Guns & Patriots

Empire State gun rights advocates fear GOP cave on microstamping

Empire State gun rights advocates fear GOP cave on microstamping
Exhibit of firing pin markings to create a cartridge microstamp. (Courtesy of UC Davis)

New York State Republicans in the State Senate can stop another excessive gun control bill gun advocates said replicates a useless law that was terminated in 2012.

“The Microstamping bill is another example of very bad policy by liberal Democrats who have no understanding or appreciation of exactly what the Second Amendment means,” said state Sen. Lee M. Zeldin (R.-Shirley), who represents parts of Suffolk County, in Eastern Long Island. “Once again, we have a policy where law abiding citizens are adversely impacted by a strict gun control law that has little to no impact on criminals.”

New York State Rifle & Pistol Association members are concerned that a speedy passage of the bill in the Assembly will move the proposed law to a Senate that is already in their bad graces over passage of the SAFE Act in January 2013, said Thomas H. King president of NYSRPA, the largest National Rifle Association state association in the nation with over 41,000 members.

“Having the Microstamping bill pass through the Senate would be the straw that broke the camel’s back,” he said.  “There would be no hope for Republicans.”

Democrats heavily outweigh Republicans in the Assembly, therefore gun owners will have to depend on the Senate, he said.  “It’s going to be up to the Senate to stand for their core supporters and say: No – enough is enough!”

The microstamping proposal ignores a significant reality that the technology can be manipulated with household tools, said Zeldin who is a congressional candidate for NY-1. “In the Senate I strongly advocate for this bill to either not come up for a vote, or if it does, be voted down.”

The microstamping technique encodes a nanoscopic portion of the serial number onto the firing pin of the gun. Each time the gun is fired there is an imprint on the firing pin that allows the portion to be imprinted onto the primer, said King.

The Combined Ballistic Identification System, which has a similar encoding method than Microstamping, was the law in New York and was repealed after 10 years of failure, he said. “COBIS is exactly the same problem – there is no proven technology it works.”

The repeal bill that was signed into law by Gov. Andrew M. Cuomo in 2012 justified its repeal for these reasons:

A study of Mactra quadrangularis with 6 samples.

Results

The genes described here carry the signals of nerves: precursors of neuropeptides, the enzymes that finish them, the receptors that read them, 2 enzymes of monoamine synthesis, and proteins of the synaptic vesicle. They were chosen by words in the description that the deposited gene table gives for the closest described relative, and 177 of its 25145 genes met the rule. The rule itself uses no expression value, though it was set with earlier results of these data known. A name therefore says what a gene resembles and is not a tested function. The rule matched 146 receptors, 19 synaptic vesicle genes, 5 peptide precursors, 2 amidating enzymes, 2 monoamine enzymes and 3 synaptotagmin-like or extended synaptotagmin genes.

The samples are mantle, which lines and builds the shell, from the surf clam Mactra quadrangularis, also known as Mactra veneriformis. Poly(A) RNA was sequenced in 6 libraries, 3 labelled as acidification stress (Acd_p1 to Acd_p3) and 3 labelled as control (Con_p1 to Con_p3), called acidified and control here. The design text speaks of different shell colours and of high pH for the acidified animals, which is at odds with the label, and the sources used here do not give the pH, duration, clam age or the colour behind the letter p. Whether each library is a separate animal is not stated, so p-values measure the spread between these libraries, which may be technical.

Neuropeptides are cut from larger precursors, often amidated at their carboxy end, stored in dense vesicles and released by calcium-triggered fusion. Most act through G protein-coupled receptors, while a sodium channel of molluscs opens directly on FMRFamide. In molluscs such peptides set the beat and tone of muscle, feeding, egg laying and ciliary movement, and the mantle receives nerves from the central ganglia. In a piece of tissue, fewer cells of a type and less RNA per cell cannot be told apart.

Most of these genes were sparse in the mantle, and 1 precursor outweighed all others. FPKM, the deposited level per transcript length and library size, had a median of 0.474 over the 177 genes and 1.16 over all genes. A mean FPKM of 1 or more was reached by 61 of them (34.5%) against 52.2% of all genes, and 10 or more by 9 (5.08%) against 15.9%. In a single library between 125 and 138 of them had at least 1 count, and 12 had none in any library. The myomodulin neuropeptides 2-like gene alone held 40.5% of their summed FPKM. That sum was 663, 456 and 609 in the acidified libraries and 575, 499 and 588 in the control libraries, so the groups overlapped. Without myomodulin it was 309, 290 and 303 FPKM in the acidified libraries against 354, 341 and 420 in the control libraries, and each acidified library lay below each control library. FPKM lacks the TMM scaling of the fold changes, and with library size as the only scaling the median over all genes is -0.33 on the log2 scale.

It is the conclusion of two studies by the California Department of Justice conducted two years ago and a 2004 study conducted by the Maryland State Police that the ballistic database systems in these states are a waste of time, money and manpower. The Maryland report cited the complete failure of the New York Combined Ballistic Identification System (CoBIS) to produce a single “hit” on a gun crime as complete failure of that system. The CoBIS system is costing taxpayers approximately $4 million per year and it is a certainty that the State Police could find a better use for those millions.

“What we are saying right now about Microstamping and what we were saying against COBIS is the same,” said King. “COBIS proved us right.”

NYSRPA told the opposition that the gun control measure would fail, he said. “They were told way up front that it would not work, and they went ahead with it anyway.”

COBIS was an epic failure and huge waste of tax payer dollars, said Zeldin, who is a U.S. Army veteran and former JAG attorney. “All of these different gun control laws that keep getting proposed and passed in Albany has increased a sense of forcing gun manufactures out of New York to more gun friendly states.”

Strict gun control laws are ineffectual, he said. “These laws make us less safe, not more-safe.”

Capitalizing on the raw emotion of the public following a tragic shooting, some politicians pass gun control measures because they think it will help them get reelected, he said. “I question whether some of the advocates really do believe these proposals are good law.”

Grassroots organizer for the Patriot Action Network, Carl R. Gottstein Jr., said the SAFE Act is already having a devastating effect on gun manufacturing in the state. “Microstamping is yet another draconian attempt to drive a legal business out of the state because authoritarian liberals do not like it.”

The signs of departure are there, he said. “Manufacturing jobs are leaving.  Remington is nearly gone. More will follow.”

King said if microstamping is made law, gun manufacturers will stop shipping to New York in the same manner they stopped shipping to California.

“After Microstamping was passed, Ruger and Smith& Wesson and a couple of other companies have refused to ship Microstamped firearms into California.”

Gottstein who is a candidate for State Assembly Distr. 108 said legal gun owners should not be a target for ineffectual laws. “Microstamping will infringe on the right to shoot the arms we have a right to bear.”

Microstamping works to the benefit of criminals, said the Rensselaer County resident. “The microstamp can be removed with sand paper and elbow grease.”

Zeldin said Albany politicians are headed down the same path as before.

“There is an overlap between the substance and intentions of COBIS and the Microstamping law,” he said. “The fact that it is so easily defeatable hammers home the point that we are once again having a debate over legislation that is going to hurt law abiding gun owners and have a practically-zero impact on criminals.”